I can’t get a stretch of trail out of my head.

It must be the season.

I haven’t been there for years, but years ago I walked it many times every fall.

The stretch of trail I keep seeing isn’t particularly scenic or rugged. It’s not near the beginning or the end, but somewhere near the middle.

While it’s deep in the mountains and only a couple of miles from the top of the divide, the timber is so thick there you’d never guess what’s ahead.

It’s not an official trail — marked only by faint blazes cut years ago — and peters out in a large basin just below the divide. Probably the work of a sheepherder, the trail reaches the high, open country just below timberline, and quits.

But the stretch I keep seeing is lower on the mountain and easy to follow, winding through a patch of doghair pines, so thick they’d hold you upright if you stumbled into them.

I’ve never shot anything there, and can’t remember even seeing an animal along that stretch.

It’s about an hour from the trailhead, up an old logging road, and about a mile past the last clearcut.

I suppose when heading in on that stretch of trail it was where I began to feel the wildness of the country, the land no longer marked by roads and logging. Not far up the trail I had seen grizzly tracks on more than one occasion, and I was always on high alert when hunting there.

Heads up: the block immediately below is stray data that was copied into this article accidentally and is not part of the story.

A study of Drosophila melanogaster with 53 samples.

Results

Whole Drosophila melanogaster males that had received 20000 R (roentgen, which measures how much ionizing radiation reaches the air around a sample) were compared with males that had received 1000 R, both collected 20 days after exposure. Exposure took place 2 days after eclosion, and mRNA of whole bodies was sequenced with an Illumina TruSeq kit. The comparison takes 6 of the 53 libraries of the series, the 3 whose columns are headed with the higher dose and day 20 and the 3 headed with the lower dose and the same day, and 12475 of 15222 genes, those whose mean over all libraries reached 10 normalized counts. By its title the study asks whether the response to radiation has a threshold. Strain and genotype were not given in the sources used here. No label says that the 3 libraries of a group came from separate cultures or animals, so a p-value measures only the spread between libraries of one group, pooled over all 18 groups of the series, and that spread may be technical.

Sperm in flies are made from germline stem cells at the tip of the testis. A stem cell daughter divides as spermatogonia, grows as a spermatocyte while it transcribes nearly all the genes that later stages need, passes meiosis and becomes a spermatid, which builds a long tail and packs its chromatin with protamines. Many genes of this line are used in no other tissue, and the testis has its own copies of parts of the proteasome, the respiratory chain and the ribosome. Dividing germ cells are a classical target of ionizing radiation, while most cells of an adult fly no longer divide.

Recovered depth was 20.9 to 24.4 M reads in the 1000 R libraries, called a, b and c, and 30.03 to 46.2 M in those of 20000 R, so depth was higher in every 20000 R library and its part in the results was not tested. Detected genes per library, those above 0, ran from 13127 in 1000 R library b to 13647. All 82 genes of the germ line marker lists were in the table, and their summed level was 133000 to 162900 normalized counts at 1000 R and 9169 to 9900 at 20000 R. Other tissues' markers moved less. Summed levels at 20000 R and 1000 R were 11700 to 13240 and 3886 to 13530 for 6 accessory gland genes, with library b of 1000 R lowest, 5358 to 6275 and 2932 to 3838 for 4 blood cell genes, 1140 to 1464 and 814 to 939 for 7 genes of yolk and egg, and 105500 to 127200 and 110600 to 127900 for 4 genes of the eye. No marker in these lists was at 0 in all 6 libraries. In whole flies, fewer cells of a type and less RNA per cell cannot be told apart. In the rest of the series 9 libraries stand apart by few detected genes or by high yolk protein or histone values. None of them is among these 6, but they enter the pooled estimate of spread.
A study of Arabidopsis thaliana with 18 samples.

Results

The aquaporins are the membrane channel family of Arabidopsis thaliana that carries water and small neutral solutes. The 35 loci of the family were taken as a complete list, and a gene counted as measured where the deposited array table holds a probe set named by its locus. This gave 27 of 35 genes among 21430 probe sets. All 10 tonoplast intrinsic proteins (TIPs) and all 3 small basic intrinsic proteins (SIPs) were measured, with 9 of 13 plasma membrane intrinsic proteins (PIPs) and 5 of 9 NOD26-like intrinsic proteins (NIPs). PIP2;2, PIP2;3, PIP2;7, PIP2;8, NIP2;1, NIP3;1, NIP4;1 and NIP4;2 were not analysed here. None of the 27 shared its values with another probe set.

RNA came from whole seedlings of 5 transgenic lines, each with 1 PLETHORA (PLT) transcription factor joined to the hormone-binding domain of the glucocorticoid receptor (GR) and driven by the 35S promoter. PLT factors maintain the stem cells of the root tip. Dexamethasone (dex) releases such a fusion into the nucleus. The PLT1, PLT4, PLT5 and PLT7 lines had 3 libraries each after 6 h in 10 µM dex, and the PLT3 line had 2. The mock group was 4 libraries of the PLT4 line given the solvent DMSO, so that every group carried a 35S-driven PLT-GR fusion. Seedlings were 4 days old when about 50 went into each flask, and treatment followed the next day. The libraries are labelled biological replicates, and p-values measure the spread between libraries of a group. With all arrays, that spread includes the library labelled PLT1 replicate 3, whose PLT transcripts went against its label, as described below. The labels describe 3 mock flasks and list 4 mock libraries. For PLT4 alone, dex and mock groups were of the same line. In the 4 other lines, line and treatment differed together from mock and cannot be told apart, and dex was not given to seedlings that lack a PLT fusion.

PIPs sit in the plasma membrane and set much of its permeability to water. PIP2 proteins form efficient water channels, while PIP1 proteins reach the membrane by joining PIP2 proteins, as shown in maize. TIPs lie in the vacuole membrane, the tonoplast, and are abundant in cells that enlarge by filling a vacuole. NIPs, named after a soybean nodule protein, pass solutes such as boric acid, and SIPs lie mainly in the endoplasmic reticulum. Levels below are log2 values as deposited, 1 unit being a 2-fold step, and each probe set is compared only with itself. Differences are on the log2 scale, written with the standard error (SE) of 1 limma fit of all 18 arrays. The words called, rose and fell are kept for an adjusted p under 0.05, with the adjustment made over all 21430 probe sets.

Downfall blocked the trail a quarter mile up, but I’d long ago figured out how to pick my way through, and once free of the jumble of downed trees I felt as if I’d passed through a gate into an elk pasture.

There was always sign, and it was rare not to pick up fresh tracks.

Over the years I killed two bulls and a cow there, and dragged them out on the snow-packed trail. I recall a couple of very difficult stretches on the way out, but not the stretch I keep seeing. Perhaps it offered just enough downhill to ease the burden. Maybe I simply stopped there to catch my breath.

I’ve certainly walked prettier trails than this one winding through thick, dark timber, a steep climb behind, a steeper one above. I suppose I should be happy it’s not the end of the trail I keep seeing, but the middle instead. Apparently, there are still miles to go.

Parker Heinlein is at pman@mtintouch.net.